Bears Training Camp Update: Five Defensive Thoughts | NBC Chicago


    To get things started, we’re taking a look at five things we’ve learned about the team’s defense.

    Bears Rich in Outside Linebackers, but Thin Up the Middle

    The Bears’ switch to a 3-4 defense has come with some interesting consequences, as former defensive ends in their system line up at the outside linebacker position to help install Vic
    Fangio’s new defense.

    To that end, the Bears brought in players like Pernell McPhee (who has looked really good in camp as he thrives in his role on the outside), and they also shifted players like Jared Allen, Lamarr Houston and Willie Young from their more natural defensive end positions.

    Despite those changes, those players have all had success so far in Bourbonnais. Allen looks rested and ready to go, displaying the speed and quickness that he was lacking last season. Houston looks to be recovered from the ACL injury that ended his 2014 season. Even Young looks tremendous when he’s been working with the team, getting increased playing time with each passing practice.

    Even with all of those success stories on the outside (and we haven’t even touched on guys like David Bass and Cornelius Washington, who have both looked excellent as well), there are still a ton of questions to answer up the middle. Shea McClellin has been given increased responsibilities at the inside spot, but players like Jon Bostic have struggled in the new defensive system.

    The Bears will have to hope that guys like Mason Foster and Christian Jones can provide some good play at the position, or else all of the exploits of the outside linebackers will be for naught.

    Ego Ferguson Could Be a Perfect Fit for Fangio

    When Ferguson was drafted in the second round of the 2014 draft, he was projected to play as a defensive tackle in a 4-3 defense for the Bears. With Fangio and John Fox’s arrival in Chicago however, Ferguson has been forced to the outside, but the move has come with some surprising results.

    Showing great agility and excellent burst off the snap, Ferguson has looked really good in team drills, and he certainly fits the mold of a Fangio defensive end. He’s big and strong, but he also shows an ability to contain the run off the edge. If he can add the pass rushing component to his arsenal, he could be a dangerous player for the Bears.

    Shea McClellin Making Most of Last Chance

    If there is one player to point to as the embodiment of the Phil Emery regime’s failures, it’s McClellin. Drafted in the first round, McClellin was a 3-4 linebacker in college, but the Bears had him playing in a 4-3 defense and he never took to either the linebacker or defensive end positions. Once blocked he would be swallowed up, and his pass coverage skills were called into question time and again as his positioning was woefully inadequate.

    So far in training camp, a surprising development has taken place. McClellin looks a lot more comfortable in the 3-4 defense that Fangio is running, making signal calls and filling gaps properly on run plays. His pass coverage has looked better as well, with surer foot speed and an ability to get into passing lanes both on display during practices.

    The big test for McClellin will come when the Bears are actually playing opposing teams. Will McClellin’s gap responsibilities continue to be met? Will he be able to shed blocks to make tackles? Will he be able to read opposing offenses and continue to play solid pass defense? All of these questions need to be answered before we can fully buy into McClellin as a piece for this team moving forward.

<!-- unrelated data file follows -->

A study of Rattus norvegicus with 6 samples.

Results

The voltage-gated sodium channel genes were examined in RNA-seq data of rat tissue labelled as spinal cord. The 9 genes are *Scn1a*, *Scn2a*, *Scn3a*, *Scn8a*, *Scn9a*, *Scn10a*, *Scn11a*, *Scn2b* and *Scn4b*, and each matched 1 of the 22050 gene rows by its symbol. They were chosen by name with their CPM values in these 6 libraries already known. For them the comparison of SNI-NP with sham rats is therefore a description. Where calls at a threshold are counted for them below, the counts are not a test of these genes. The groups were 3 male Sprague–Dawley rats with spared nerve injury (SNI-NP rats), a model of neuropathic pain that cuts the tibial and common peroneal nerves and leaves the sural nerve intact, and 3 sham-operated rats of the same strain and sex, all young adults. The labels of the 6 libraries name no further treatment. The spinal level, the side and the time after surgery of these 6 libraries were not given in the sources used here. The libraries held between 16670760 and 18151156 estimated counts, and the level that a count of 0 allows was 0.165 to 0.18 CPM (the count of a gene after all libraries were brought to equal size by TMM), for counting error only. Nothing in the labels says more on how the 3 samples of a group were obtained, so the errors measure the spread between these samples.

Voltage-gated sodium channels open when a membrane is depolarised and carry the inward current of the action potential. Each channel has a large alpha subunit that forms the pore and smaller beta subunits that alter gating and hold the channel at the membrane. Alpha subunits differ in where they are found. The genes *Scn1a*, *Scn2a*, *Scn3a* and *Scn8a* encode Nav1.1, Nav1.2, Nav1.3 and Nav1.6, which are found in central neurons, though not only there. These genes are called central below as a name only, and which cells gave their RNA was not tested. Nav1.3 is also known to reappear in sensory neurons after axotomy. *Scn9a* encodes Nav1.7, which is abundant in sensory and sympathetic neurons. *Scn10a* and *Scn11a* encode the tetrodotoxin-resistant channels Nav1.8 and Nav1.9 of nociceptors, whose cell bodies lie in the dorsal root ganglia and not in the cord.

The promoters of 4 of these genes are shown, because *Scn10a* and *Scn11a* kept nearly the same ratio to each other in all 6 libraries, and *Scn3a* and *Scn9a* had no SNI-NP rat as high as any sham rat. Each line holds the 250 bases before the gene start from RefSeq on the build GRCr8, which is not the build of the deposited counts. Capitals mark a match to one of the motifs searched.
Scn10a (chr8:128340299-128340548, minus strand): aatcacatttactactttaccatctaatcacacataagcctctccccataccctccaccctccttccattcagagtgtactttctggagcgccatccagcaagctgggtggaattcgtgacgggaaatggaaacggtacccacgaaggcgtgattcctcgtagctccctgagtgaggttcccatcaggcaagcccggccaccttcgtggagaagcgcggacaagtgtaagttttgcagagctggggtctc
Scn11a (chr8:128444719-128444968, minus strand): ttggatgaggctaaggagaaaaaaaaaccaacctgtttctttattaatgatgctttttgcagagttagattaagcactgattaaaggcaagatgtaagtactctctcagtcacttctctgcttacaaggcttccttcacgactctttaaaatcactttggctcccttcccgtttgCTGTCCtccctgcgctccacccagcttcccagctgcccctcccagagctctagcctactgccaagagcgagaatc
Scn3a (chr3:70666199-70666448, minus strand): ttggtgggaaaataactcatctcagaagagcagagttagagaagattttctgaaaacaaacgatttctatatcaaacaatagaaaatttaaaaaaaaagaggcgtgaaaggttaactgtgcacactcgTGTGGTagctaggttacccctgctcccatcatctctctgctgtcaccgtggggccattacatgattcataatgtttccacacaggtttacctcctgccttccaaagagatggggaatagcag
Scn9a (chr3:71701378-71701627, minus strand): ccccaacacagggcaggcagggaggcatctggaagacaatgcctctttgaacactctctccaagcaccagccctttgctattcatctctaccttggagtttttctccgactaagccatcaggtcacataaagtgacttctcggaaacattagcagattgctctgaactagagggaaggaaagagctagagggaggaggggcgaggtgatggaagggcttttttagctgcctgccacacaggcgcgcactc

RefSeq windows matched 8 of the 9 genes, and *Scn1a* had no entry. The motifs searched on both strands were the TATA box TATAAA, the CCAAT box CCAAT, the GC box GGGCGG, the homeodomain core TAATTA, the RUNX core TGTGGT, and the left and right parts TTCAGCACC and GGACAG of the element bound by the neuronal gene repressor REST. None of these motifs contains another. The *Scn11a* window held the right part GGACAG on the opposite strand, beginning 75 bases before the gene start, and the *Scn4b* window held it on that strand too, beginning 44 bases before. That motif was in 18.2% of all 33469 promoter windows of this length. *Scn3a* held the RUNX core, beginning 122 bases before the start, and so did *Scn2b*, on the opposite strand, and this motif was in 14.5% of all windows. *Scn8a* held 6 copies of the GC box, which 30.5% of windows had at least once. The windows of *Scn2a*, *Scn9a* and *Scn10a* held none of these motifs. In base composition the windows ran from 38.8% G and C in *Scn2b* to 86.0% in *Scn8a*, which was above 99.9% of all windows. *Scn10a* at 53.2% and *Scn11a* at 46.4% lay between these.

Serious Secondary Questions Remain for Bears

    Speaking of questions that need answering, the Bears’ secondary still has plenty to answer for as they look to recover from a disastrous 2014 campaign. Kyle Fuller started out the season with a bang, but as things wore on he began to tire and lose his effectiveness, and teams picked on him routinely for big plays and big gains. Tim Jennings also struggled to find his form for the Bears, and a planned move to the inside never took full effect as he had to replace Charles Tillman at the outside corner position.

    Those players both need to step up their games, but the Bears also have to figure out which players will occupy other positions on the field. Can Brock Vereen be trusted to play as a starting safety? Will Antrel Rolle’s deficiencies in the run game cause issues for the Bears? Will Alan Ball or Tracy Porter be able to nail down starting jobs?

    All of these questions show just how deep the Bears’ personnel problems have run in the past few seasons, and it will be interesting to see how everything shakes out when the team takes the field for the first time Thursday.

    Several High Draft Picks on Brink

    We’ve already mentioned McClellin as a player looking to make the most of his last chance with the Bears, but other players are also worth keeping an eye on as the team restructures the defense.

    Headlining that list are a couple of high draft picks, with Will Sutton (third round pick in 2014) and Jon Bostic (second round pick in 2013) both needing good camp performances to make the 53-man roster. Sutton is suddenly a man without a position in Fangio’s 3-4 defense, as he doesn’t really profile as a nose tackle in the system and seems like an unlikely candidate to play effectively as a defensive end either.

    As for Bostic, he continues to show flashes of brilliance in the middle of the field as a linebacker, but there are still too many mental mistakes and miscues occurring to conclusively say that he will be on the team come opening day. He has definitely got to perform well in preseason games, or else he could be looking for a job with another team.